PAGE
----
Thanks to an unexpected selection of Oscar nominees for Best Cinematography on Tuesday — particularly, preliminary frontrunner Claudio Miranda missing the cut for “Top Gun: Maverick” — “Elvis” cinematographer Mandy Walker is suddenly the one beat, and now is the likeliest woman yet to break the category’s glass ceiling. She follows Ari Wegner (“The Power of the Dog”) last year and Rachel Morrison (“Mudbound”) in 2018, as only the third woman to be nominated by her branch. But neither Wegner nor Morrison were poised for a win like Walker is.
Who’s the competition? Two other first-time nominees: James Friend for the late-surging German World War I film that once seemed like a long shot — “All Quiet on the Western Front” — and Florian Hoffmeister, the Camerimage winner for the Best Picture nominee, “TÁR,” who was snubbed by the ASC. They’re joined by a couple of Mount Rushmore DPs with films otherwise ignored by the Academy: two-time winner and 16-time nominee Roger Deakins for “Empire of Light,” and two-time nominee Darius Khondji for “Bardo, False Chronicle of a Handful of Truths.”
Because of this unusual mix of cinematographers, films, and timing, Walker has been thrust into the spotlight with the best opportunity to win the prize for Baz Luhrmann’s delirious Elvis Presley musical biopic. As one Oscar winner said, “She did a fabulous job, it would be well deserved. I think everyone would agree as well.”
At the same time, Walker is now the ASC frontrunner, too, leading a field that contains Deakins, Khondji, “Dune” Oscar winner Greig Fraser (“The Batman”), and Miranda. Similarly, if she wins, Walker would become the first woman ASC winner. She also leads the field of BAFTA nominees, and, likewise, could break the glass ceiling in the British organization’s cinematography category.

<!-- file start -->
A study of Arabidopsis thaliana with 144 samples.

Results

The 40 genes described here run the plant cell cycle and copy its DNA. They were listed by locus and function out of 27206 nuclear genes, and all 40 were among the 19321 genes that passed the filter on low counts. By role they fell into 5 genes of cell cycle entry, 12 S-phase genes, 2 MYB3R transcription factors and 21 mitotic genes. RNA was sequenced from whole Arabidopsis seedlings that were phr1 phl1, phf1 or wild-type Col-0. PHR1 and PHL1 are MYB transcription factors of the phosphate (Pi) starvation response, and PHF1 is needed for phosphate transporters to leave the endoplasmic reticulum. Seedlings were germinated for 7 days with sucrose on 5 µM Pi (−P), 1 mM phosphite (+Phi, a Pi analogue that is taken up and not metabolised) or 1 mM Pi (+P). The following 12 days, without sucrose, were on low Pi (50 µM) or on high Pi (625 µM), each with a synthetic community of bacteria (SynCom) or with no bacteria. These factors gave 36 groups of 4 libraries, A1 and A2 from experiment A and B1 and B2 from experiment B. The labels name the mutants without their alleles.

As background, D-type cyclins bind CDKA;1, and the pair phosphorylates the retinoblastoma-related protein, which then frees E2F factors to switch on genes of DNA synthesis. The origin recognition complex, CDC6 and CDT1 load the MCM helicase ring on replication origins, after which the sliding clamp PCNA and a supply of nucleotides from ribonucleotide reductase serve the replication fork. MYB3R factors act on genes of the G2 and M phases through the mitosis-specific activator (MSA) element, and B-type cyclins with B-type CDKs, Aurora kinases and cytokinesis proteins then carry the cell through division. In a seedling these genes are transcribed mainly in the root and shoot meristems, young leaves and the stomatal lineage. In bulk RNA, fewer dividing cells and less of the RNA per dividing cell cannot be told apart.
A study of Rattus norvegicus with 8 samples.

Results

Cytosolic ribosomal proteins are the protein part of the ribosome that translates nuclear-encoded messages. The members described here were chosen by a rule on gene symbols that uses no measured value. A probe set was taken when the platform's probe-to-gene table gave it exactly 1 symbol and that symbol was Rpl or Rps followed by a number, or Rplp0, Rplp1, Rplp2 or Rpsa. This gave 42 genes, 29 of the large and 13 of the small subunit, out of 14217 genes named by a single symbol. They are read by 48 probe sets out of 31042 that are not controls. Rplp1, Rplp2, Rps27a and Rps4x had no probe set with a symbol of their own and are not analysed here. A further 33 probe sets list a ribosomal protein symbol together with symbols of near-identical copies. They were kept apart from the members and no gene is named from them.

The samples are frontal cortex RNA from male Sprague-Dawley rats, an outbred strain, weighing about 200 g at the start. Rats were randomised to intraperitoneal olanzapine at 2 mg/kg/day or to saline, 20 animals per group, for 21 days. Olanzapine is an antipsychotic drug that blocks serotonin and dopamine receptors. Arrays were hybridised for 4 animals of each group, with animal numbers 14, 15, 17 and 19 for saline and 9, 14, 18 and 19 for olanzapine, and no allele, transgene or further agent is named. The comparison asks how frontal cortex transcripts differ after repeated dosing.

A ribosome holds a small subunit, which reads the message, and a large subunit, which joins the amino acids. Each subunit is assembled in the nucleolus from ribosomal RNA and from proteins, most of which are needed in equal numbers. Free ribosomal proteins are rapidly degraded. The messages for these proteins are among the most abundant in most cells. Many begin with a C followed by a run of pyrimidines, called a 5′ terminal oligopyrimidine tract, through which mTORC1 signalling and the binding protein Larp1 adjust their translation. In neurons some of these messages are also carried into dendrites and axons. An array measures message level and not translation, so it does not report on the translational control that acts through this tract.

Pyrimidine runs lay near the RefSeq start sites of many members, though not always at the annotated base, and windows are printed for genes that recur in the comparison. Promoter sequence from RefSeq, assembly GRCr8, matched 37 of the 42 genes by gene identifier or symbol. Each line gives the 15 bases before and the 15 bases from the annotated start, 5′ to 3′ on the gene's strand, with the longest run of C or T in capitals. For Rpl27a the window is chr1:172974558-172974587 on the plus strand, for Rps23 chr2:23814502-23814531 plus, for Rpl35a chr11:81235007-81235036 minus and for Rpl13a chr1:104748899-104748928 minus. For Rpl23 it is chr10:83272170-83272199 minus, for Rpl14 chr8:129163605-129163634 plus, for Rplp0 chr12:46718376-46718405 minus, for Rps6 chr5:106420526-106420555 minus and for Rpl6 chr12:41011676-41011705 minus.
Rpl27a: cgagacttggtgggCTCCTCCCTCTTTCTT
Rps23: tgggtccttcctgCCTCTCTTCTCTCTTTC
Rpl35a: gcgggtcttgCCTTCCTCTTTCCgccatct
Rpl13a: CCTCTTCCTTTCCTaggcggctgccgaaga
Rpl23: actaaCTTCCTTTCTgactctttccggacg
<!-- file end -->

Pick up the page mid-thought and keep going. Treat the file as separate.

Meanwhile, Walker’s superlative work on “Elvis” has already garnered the Audience Award and Festival Director’s Award at Camerimage (with Luhrmann), and she became the first woman to win Best Cinematography honors from the Australian Academy of Cinema and Television Arts.
This road to Oscar has been a long time coming for the Australian Walker, who has Disney’s live-action “Snow White” in the works for director Marc Webb in 2024. Her previous credits include another Mouse House remake, “Mulan,” as well as “Hidden Figures,” “Jane Got a Gun,” “Red Riding Hood,” and Luhrmann’s “Australia.” Her collaboration with the director began with a Chanel No. 5 campaign starring their fellow Aussie and future “Australia” headliner Nicole Kidman.
“Elvis,” though, achieves a greater level of artistry for Walker. It’s a non-stop roller coaster ride that captures the King of Rock’s rebellious career and his enduring cultural impact, which Walker chose to represent through just the right combination of historical reproduction (which she calls “trainspotting”) and surreal hysteria. Shooting on the large format Alexa 65mm with an assortment of specialized lenses and LUT for the look of each era in Presley’s career, Walker studied and replicated the camera angles, lenses, and lighting from archival footage — paying close attention to the transitions between scenes and the camera movements in various locations during the concert sequences. Speaking to IndieWire in June, Walker keyed in on the fateful Ferris wheel ride between Colonel Tom Parker (Tom Hanks) and Elvis (Austin Butler) as the cue for her roving camerawork: “‘This is the start,'” she recalled. “‘We’re going to fly in this movie.’”
With “Elvis,” it seems that everything is aligned for Walker, armed with a Best Picture nomination, a Best Actor nomination for the charismatic Butler, and Hollywood blockbuster success. Who’s her biggest threat? Friend, since he’s riding a wave of momentum with Edward Berger’s “All Quiet on the Western Front,” which garnered nine nominations (including Best Picture and Best International Feature, which it is favored to win for Germany). Ironically, the immersive POV film, shot like a horror film with long tracking shots, tied “Elvis” as crafts leader with six nominations each.